Flipping Rocks and The Drift Part 1

 Many years ago, I started to pay more attention to what was actually in the water, than what I thought was in the water.   My home waters of The Croton Watershed in Southeastern NY, and even The Housatonic and Farmington Rivers in CT, are all highly pressured rivers.   I was buying and tying standard flies.  I was using the exact materials that recipes called for. Also, I was fishing these flies "when the time was right".  I would fish Hendrickson nymphs during the Hendrickson hatch.  I would use Caddis nymphs and pupae when I knew the Caddis were getting ready to emerge.  I was fishing by the book you could say.

     I was having good success until a humbling day on one of the rivers.  I struggled and didn't catch a single fish.  There were fish sporadically rising, and fish were feeding, but I couldn't get anything going that day.  The whole way home I thought, was it my drift, maybe my tippet was too heavy, maybe they could see me, or did I use every fly I could?  The answer to the last question was the one that got me thinking.  So the next time out, I flipped some rocks and matched what I saw on the rock, and what I had caught in the net.  Well I got the same result as I did the previous outing.  Now I was very agitated at this point.  I mean I had matched what was under the rocks, that's what they were eating wasn't it? 

     I did some research on the subjects and I found some interesting things about flipping rocks and the drift.   Yes you can flip rocks and catch the bugs that are underneath them.  Taking a good close look at these insects will help you modify your flies and maybe change the materials that you use when tying.  For example, I blended my own dubbing to match the exact shades of the various Caddis fly larve in one of my home rivers.  I even modified my own WD-40, to match the tiny mayflies in the summer.  Making slight modification in your patterns, can turn on a highly pressured trout.

     To get a good idea of what's actually in the water you have to understand the drift.  The drift is the movement of aquatic insects from one place to another using the current.  To really become an accomplished angler, you must understand the types, and how to use those types to your advantage. 

Behavioral drift is the most important type of drift for you to understand.  Its is when nymphs and pupae use the current to move from one place to another to find food, new shelter, or less crowded conditions.  There are 3 peak times, an hour before and after first light, and hour before dark, and from midnight to about 2 am.  During these movement times, the food available to the trout is increased which sparks feeding activity.  Clouds can increase the time on how long the Behavioral Drift lasts, and sun can have the opposite effect.  To find out what types of insects are in the drift, sample the water by setting up a screen to capture what's in the drift.  The screen should be left for a prolonged period of time during one of the peak times.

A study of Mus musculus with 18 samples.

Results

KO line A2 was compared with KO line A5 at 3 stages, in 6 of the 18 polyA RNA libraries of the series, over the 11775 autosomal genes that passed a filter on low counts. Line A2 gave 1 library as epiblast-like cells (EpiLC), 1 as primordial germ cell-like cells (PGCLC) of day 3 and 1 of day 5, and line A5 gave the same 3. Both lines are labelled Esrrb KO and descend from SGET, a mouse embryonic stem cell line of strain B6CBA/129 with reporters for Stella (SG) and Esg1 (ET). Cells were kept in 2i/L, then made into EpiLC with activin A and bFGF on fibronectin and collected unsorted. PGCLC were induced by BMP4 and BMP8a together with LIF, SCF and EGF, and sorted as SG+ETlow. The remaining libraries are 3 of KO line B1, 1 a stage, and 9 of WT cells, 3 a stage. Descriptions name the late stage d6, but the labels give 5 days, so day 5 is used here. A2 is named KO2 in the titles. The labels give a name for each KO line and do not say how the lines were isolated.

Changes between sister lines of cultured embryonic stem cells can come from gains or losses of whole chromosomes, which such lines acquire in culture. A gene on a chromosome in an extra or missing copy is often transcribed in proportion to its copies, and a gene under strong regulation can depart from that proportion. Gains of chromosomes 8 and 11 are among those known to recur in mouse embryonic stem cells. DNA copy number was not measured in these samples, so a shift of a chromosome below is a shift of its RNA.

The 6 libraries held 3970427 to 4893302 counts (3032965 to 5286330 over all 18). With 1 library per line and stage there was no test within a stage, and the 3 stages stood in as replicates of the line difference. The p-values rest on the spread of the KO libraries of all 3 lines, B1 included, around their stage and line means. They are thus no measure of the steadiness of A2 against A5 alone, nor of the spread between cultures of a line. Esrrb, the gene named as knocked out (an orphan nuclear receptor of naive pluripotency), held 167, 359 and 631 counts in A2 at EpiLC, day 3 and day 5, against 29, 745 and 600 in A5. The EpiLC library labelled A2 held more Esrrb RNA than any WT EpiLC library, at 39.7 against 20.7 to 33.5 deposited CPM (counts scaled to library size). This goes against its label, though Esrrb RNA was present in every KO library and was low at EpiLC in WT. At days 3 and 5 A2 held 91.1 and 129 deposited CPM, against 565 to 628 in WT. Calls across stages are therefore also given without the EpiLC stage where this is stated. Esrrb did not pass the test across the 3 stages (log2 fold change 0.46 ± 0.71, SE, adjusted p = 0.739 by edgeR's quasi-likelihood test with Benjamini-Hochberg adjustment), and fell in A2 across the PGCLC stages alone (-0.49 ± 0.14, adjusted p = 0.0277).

Some species such as Olives and Midges can be in the drift almost all the time.  This is called Constant Drift.  You can measure the Constant Drift at any time during the day, but you should sample at different times of the day. 

     Another type is call Catastrophic Drift.  This occurs when high water pushes entire populations of underwater insects into the drift.  The high water can be caused by run off, rain, or even releases of water. 

     Knowing what's under those rocks can help you choose what to use during these types of drift.  Remember the types of insects, their sizes, and numbers will vary from season to season.  Using a nymph from a hatch ahead will also increase your catch rate because that is what the fish are seeing during the insects movement.   Fishing a Hendrickson nymph during the actual hatch  might not be as successful as before the actual hatch because the fish will be keyed in on the emeregers and duns, and possibly the next hatch's nymph. 

     In one of my home rivers, the winter fishing has been very slow compared to the past few years.  We have had a very cold winter here in the Northeast, but right now there is nothing in the drift.  I cant wait for that first catastrophic drift to occur to get some food moving in the water and get the trout feeding again!



  2. Wow, this is one if the most interesting posts I've seen anywhere.... Lots to think about-thanks for sharing this info

    1. Thanks Chris! I have done some HW on the subject, lots of good info out there on it, I have just tried to give you a little that will hopefully help you get some more fishi to the net! Im going to do a couple of more parts ans the seasons and water change!